Thursday, December 12, 2013

Exercise for Life

Growing up, I was immersed in athletics and exercise and of course I still am.

The example was set for me by my parents, Dr. and Mrs. Steel. Dad always followed the Greek ideal of a sound mind and a sound body. He always talked about it being wonderful for you in a myriad of ways, including increased intelligence.

Dad exercised at 12 pm everyday. He was a professor at the University of Maryland and would either play tennis, basketball, or badminton(one of his workout buddies was College Football Hall of Famer Jerry Claiborne who would be performing sit ups on the court before everyone else arrived).

                                         Dad playing "noon time ball" at Cole Field House in the 1970's

Mom was an English teacher at a high school but still played tennis 3-4 times a week and was the tennis coach at the high school for a number of years.

Although my father loved teaching, there was nothing that he loved more than exercise and the benefits that he reaped from it.

The story goes that when they first married, my Mom would say, "Oh, Don! you have a few days off from work, what would you like to do?" And my Dad would reply, "Do? I am playing tennis."

So Mom got pissed off and started playing tennis also.

When other parents were going out drinking on New Years Eve, my parents were going out and having a tennis party to celebrate. That's the truth. I thought it was normal.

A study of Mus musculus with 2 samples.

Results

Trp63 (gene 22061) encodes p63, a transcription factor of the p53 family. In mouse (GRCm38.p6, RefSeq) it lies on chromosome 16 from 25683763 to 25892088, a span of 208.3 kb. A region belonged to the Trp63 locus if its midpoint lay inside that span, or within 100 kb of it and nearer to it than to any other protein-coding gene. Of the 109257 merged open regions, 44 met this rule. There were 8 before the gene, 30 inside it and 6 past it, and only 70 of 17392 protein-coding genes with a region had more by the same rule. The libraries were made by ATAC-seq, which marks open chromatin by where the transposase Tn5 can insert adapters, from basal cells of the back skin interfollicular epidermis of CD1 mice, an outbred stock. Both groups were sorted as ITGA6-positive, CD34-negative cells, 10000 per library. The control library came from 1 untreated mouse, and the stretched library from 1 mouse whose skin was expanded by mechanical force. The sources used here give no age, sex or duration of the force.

Now they are both 80 years old. And they are both sharp as tacks. I still call my Dad every day to talk or for advice. They still travel all over and they entertain and Mom is a president of a miniature painting society and they sure are different than other 80 year old's that I have been around.

And guess what? They exercise pretty much everyday. They play tennis and Mom rides the bike, and if Dad isn't playing tennis he walks on the treadmill.

Now there is all kind of studies that show that exercise is great for your cognitive function and stave's off dementia in addition to other benefits. 

My parents were right all along.  The Washington Posts confirms this:

All About Being a Lifer

What's a Lifer? Someone who isn't in to something for just a day, a month, a's for life. Whether its training or your family or your doesn't matter. You work at it, you build on it, you see the big picture . You don't miss workouts because it means something to you. You are like a Shakespearean actor- no matter what is going on in your life, you block it out when it's time to train. You walk into the weight room and all else disappears. Worry about it later.